Despite the central role beauty plays in human life, beauty and all that is involved in its appreciation are not easy to define or discuss. While we are motivated by beauty in nearly everything we do, and we spend a great deal of time, energy, and money trying to cultivate it and encounter it in our everyday lives, we are unable to give a satisfactory answer to the question: what is beauty?
Some believe beauty to simply be the power to awaken or elicit agreeable or pleasurable emotions in the viewer. If one enjoys what she sees, then that which she is viewing by definition is beautiful. But such a definition is limited and distills beauty down to primitive hedonism. We all know that there can be beauty in deeply painful experiences. One need only visit the nearest museum to see an array of works that are on the one hand deeply moving and beautiful and on the other, very sad and painful monuments of human suffering. Beauty as aesthetic pleasure is not a satisfactory definition.
Others confuse beauty with morality. It is said that beauty is the “Ideal;” and by many, the Ideal is taken to mean ideal goodness. But as far as righteousness and sin are concerned, beauty is completely unrelated. So much of what is evil in life, so much of what offends against the moral law, must be regarded as beautiful as far as it plays its necessary part in the universal whole. Beauty is not morality.
When one clears away these misconceptions, then, an approximate definition might be that the essence of beauty is one of harmony. As soon as a detail is shown in its relation to the whole, then it becomes beautiful because it is expressive of the supreme unity of the whole. A discord in music is felt to be a discord only when it is isolated. When it eventually takes its fitting and inevitable place in the large unity of the symphony as a whole, it becomes full of meaning.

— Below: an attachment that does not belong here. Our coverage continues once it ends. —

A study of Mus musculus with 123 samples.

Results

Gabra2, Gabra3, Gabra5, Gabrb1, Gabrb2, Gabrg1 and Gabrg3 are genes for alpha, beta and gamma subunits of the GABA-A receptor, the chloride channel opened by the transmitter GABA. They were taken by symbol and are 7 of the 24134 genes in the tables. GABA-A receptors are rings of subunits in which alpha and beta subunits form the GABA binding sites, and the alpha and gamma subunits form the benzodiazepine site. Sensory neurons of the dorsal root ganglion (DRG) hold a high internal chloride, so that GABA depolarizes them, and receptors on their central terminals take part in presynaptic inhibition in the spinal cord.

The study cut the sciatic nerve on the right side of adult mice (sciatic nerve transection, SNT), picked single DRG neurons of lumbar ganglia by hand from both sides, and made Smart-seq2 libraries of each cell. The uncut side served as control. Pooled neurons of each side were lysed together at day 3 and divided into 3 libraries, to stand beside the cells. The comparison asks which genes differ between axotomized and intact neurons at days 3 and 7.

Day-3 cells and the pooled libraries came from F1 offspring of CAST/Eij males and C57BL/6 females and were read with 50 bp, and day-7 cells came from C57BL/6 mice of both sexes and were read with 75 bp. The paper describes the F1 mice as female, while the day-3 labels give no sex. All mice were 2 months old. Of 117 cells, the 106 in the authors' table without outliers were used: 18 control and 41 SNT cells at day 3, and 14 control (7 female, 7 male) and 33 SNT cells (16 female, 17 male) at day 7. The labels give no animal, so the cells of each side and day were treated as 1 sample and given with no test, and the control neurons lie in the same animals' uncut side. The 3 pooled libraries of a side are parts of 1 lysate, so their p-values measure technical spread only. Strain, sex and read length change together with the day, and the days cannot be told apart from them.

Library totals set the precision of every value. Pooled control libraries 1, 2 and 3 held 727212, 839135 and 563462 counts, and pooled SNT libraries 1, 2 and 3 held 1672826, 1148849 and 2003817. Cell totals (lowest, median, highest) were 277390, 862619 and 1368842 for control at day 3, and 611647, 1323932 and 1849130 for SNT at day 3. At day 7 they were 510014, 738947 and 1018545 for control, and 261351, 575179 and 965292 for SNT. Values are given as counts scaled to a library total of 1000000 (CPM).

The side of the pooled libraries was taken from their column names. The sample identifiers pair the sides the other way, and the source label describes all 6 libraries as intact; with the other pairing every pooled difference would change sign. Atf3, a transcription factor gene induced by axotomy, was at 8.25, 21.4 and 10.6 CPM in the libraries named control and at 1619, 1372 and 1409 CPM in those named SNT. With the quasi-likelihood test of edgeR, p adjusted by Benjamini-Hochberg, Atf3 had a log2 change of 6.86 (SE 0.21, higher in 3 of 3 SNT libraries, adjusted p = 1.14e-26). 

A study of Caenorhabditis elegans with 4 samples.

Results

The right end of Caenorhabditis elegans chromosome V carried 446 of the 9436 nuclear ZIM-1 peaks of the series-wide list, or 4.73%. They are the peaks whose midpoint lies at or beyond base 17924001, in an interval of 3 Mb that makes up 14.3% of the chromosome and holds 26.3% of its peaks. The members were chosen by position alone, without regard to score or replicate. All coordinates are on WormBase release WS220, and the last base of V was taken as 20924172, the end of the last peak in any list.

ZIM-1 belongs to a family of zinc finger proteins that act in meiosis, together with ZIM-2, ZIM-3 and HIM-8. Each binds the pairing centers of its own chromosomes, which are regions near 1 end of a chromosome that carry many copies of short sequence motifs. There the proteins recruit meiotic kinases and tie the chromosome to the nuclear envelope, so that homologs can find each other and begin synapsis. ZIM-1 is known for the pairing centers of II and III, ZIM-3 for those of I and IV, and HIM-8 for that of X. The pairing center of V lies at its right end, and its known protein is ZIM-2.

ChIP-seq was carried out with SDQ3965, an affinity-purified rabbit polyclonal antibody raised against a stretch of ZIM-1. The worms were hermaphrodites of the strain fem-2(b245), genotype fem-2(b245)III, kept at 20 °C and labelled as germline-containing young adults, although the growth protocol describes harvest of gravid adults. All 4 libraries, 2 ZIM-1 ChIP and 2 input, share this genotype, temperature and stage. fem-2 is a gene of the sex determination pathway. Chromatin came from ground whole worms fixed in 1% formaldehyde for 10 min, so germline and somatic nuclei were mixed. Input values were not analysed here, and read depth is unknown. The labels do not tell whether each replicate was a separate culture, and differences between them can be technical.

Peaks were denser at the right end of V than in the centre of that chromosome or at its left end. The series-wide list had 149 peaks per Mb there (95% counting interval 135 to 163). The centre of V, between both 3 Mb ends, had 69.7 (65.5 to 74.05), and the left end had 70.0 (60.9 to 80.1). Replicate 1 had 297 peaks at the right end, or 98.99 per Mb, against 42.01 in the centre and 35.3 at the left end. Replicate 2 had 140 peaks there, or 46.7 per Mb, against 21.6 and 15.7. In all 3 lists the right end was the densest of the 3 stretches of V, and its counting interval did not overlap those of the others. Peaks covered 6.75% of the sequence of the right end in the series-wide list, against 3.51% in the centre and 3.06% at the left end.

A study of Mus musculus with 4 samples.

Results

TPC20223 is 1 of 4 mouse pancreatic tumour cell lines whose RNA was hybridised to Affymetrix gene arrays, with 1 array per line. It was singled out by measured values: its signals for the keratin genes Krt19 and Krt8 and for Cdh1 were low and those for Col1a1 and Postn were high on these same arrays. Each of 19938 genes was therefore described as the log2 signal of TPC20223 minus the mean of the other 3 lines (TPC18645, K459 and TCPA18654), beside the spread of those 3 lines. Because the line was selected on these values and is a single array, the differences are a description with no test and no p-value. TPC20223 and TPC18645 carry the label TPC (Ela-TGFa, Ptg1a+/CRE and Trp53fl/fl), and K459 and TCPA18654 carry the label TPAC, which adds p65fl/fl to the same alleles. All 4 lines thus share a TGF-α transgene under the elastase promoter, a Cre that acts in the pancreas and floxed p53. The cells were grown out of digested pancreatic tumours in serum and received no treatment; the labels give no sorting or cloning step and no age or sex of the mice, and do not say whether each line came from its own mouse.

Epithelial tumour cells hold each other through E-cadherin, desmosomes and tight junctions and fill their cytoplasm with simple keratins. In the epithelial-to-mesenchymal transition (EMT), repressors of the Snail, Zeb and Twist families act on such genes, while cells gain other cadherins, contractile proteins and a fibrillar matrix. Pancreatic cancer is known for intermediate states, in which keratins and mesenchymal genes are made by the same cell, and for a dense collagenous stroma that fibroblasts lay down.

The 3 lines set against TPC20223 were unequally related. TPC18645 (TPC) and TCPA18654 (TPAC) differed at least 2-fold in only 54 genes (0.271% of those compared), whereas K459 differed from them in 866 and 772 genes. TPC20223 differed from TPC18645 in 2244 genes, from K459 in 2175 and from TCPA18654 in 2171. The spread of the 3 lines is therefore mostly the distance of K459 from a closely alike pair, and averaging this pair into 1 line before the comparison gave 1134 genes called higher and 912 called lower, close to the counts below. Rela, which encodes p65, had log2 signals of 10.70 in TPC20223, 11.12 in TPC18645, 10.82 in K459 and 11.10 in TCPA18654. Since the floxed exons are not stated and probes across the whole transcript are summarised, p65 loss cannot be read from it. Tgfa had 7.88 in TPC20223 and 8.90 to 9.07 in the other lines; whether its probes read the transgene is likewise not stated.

The hippopotamus, dozing in his tank at the zoo, is wildly grotesque and ugly. But who shall say that, seen in the fastnesses of his native rivers, he is not the beautiful and perfect fulfillment of nature’s harmony? The smoking factory, sordid and hideous, might be seen as beautiful to the person who views it in terms of what it accomplishes and the role it plays as a necessary function in the great scheme of life. Beauty is adaptation. Whatever is truly useful is truly beautiful. The steam engine and the battleship are beautiful just as truly as Titian’s Madonna, glorified and sweeping upward into the presence of God the Father. Only what is vital and serviceable is beautiful.
When the human spirit perceives a unity in things, a working together of parts, it is there that beauty exists. It resides in the synthesis of details to the end of shaping a complete whole. This perception, this synthesis, is a function of the human mind. Beauty is not inherent in the landscape, but in the mind which apprehends it. Evidence of this fundamental truth is the fact that the same landscape is more “beautiful” to one person than to another, and yet to a third, perhaps, it is not beautiful at all. It is only as the individual perceives a relation among the parts resulting in a total unity that the object becomes beautiful for him. It is in the appreciation of the solitary element set against the totality of the whole that beauty emerges and can be apprehended.